On Janna’s way to work this morning, she snapped this image with her iPhone and emailed it to me.  She’s done that in the past with a copper moon, and a Steve Jobs memorial, but these flowers, and this mourning this morning was different.

This shrine was filled with hurt and rage and you can find it all right now at the Barnes & Noble bookstore on the corner of West 8th Street and the Avenue of the Americas; for this is the spot where Mark Carson, a 32-year-old Gay man, was gunned down a few days ago — shot in the face by an impromptu stalker just for being who he was — and so the latest Greenwich Village New York City hate crime is now on the police blotter, written in blood on a public sidewalk.

After a few minutes, Mr. Carson and his friend continued on their way, assuming the exchange was over. The two men walked along West Eighth Street, but the gunman apparently did not want to let the matter drop. One of the gunman’s companions tried to talk him out of following Mr. Carson, according to the police. That companion left, the police said.

The gunman caught up with Mr. Carson outside of a building at 60 West Eighth Street, and began shouting at him.  “Do you want to die here?” he asked Mr. Carson, according to Mr. Kelly, before pulling out the revolver and shooting Mr. Carson once in the cheek.

We know life is cheap — $6.66 is the going rate for the value of a person on the street — but this sort of madness is confounding.  Two men wanted to be left alone on an evening together, but because they were together, they were targeted for a killing.  They confronted the assassin.  They stood up to him.  They walked away.  Yet, in the end, one of them was shot dead in the face.

The random cheapness of life never stoops to conquer me — be it walking down the street and having your ponytail grabbed, or the spontaneous, but inchoate, ambush of a police office in Orange, or even murder at Ivy Hill — because we are all still inextricably bound together and tied to a final, shredded, shared end.

One death resolves into another, one life dominoes into the falling other — and in the end we only have ourselves, alone, and still yearning for obedience of body and comprehension of mind — while, in the final count, we all end up piled on top of each other just hoping to face the sky again.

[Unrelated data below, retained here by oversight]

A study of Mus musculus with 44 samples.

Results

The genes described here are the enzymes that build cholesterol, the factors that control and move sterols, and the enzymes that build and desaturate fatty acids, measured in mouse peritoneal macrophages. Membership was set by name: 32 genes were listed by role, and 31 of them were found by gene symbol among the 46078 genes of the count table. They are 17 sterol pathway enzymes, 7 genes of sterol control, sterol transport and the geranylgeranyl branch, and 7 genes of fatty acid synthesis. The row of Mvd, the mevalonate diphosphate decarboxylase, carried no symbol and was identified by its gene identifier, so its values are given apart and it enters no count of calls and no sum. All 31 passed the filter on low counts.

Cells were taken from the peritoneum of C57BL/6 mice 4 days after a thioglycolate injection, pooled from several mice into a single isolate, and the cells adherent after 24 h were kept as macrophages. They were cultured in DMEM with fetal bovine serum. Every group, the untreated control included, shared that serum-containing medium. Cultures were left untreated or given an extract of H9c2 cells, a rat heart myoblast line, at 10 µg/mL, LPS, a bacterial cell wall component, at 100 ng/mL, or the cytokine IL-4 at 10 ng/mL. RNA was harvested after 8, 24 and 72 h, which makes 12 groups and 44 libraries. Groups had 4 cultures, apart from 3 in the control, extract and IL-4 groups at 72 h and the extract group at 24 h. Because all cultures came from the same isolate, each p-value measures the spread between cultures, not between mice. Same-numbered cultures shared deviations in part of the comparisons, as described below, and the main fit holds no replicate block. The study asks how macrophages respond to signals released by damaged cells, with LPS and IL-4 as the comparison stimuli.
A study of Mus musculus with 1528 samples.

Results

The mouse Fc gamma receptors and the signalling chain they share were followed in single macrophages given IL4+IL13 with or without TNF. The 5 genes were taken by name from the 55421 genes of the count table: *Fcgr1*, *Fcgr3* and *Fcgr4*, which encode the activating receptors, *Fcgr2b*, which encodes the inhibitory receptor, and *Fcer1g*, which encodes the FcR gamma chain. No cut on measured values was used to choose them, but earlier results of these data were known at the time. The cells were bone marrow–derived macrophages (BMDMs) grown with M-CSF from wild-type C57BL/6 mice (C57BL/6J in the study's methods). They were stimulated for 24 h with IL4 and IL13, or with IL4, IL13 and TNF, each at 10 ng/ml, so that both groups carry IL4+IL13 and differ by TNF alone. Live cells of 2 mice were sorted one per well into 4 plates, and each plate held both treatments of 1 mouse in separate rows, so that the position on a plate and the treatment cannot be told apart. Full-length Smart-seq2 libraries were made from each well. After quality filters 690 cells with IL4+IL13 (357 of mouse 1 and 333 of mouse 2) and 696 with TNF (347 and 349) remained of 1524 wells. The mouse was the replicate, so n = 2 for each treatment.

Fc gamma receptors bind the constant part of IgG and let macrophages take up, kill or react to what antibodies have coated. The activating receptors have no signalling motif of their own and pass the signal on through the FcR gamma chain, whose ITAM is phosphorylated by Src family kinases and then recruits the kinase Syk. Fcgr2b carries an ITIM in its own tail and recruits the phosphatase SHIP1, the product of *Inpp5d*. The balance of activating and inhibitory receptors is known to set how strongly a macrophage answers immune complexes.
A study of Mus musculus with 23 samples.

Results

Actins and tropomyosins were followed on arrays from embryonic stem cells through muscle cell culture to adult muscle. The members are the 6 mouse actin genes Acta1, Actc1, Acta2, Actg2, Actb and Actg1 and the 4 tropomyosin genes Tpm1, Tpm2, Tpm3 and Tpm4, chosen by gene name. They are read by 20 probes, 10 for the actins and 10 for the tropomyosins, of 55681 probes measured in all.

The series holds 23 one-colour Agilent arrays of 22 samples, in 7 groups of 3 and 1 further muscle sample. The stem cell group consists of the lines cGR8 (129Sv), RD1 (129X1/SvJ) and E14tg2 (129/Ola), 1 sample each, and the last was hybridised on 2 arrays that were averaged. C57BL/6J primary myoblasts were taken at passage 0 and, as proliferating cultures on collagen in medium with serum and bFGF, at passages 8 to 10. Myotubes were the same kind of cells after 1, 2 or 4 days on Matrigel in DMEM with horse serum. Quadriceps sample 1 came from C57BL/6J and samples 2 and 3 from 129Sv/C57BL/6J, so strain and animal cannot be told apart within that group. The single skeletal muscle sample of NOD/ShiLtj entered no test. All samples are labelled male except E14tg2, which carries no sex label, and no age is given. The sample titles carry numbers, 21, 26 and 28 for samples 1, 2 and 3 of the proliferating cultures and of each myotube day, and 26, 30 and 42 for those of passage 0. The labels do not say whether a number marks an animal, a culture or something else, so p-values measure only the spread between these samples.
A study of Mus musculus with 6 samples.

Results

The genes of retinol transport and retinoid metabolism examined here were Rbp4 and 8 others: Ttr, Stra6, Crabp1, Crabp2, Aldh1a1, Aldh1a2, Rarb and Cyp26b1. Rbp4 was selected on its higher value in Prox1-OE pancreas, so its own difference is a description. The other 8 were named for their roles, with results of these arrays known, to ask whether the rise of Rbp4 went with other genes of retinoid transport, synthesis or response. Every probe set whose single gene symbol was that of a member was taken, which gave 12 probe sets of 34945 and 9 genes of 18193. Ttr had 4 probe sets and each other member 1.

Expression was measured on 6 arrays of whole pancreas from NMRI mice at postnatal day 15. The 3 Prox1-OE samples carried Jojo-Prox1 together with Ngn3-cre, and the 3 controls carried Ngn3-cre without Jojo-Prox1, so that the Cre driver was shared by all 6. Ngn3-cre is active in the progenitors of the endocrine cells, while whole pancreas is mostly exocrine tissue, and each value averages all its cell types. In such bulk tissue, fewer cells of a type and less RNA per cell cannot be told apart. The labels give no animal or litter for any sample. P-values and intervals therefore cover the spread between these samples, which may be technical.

1. I cannot fathom what would possess a person to commit such a heinous crime, knowing that it will more than likely get them life in prison — if not the death penalty itself. Quite upsetting.

  2. It really is chilling to think about the randomness of life and death and the possibility that on any given day, you might happen to be in the wrong place at the wrong time.This man was murdered just for being himself in an area that has struggled its way to gay liberation– he didn’t worry that he was in the wrong place. He shouldn’t have had to.

    1. Right! He was in his rightful place at the right time — and then evil found him and refused to let go. That’s an American tragedy.

  3. I find this tyoe of random opportunistic violence beyond my comprehension.

    I am not sure what I find more ditressing – the fact that it happened , or the fact it happened where it did – in the capital in the most “civilised” country in the world. What good did being “civilised” do for this poor man and how can a country claim to be civilised when things like this happen?

    1. I agree this is distressing. There are some that will argue this is the price we pay for living in a free society. There will be bad actors that will be outliers and throw the rest of society in chaos. We can’t let these people trouble the rest of us. They’ll do their damage, and we’ll deal with them.

      Others will take the view that these sorts of killers are clearly mentally ill, and should be hospitalized and medicated. We instead put them on the street or in jail where they only get worse and act out on the innocents in society.

      The sad part about this is the killer was on a bit of an emotional rampage all night. He wanted trouble. He threatened a bartender with death if he called the police. People were watching the bad guy and were wary of him — but when you have a gun and a quick trigger — no good Samaritan can step in that fast and avoid this sort of killing. Perhaps if the police had been called after his first death threat, this could have all been avoided…

  4. goes back to why I am so uncomfortable guns – we need that silent alarm button on the phone that can be pressed when this kind of things happen.

    1. Right! I want to know how that guy got a gun. When he threatened the bartender with the gun, and a killing if he called the police, SOMEBODY should’ve had the guts to make a call to 911 when the creep left. There would have been a bit of hope before the final shooting — perhaps a 10 minute lead on the guy until he found, and then stalked, his victim.

      I do think there’s a certain niche of Americans who love this sort of story. It propels their argument that we should all have guns, and I think they secretly love seeing the power of the weapon on instant display in the street to prove their point — since they’re not the ones in front of the bullet.

      1. I suspect illegally …………….. if it was legally – questions need to be asked about the process.

        I cannot believe nobody had the guts to report him AFTER he left ……….. that is almost as shocking .

        it could be them ……… this is what is so maddening – gun is not dangerous until it is put in a persons hands. The person with the gun has to be responisible, sober, calm, dispassionate, and balanced and if possible skilled enough to shoot through the knee so as to disable not kill.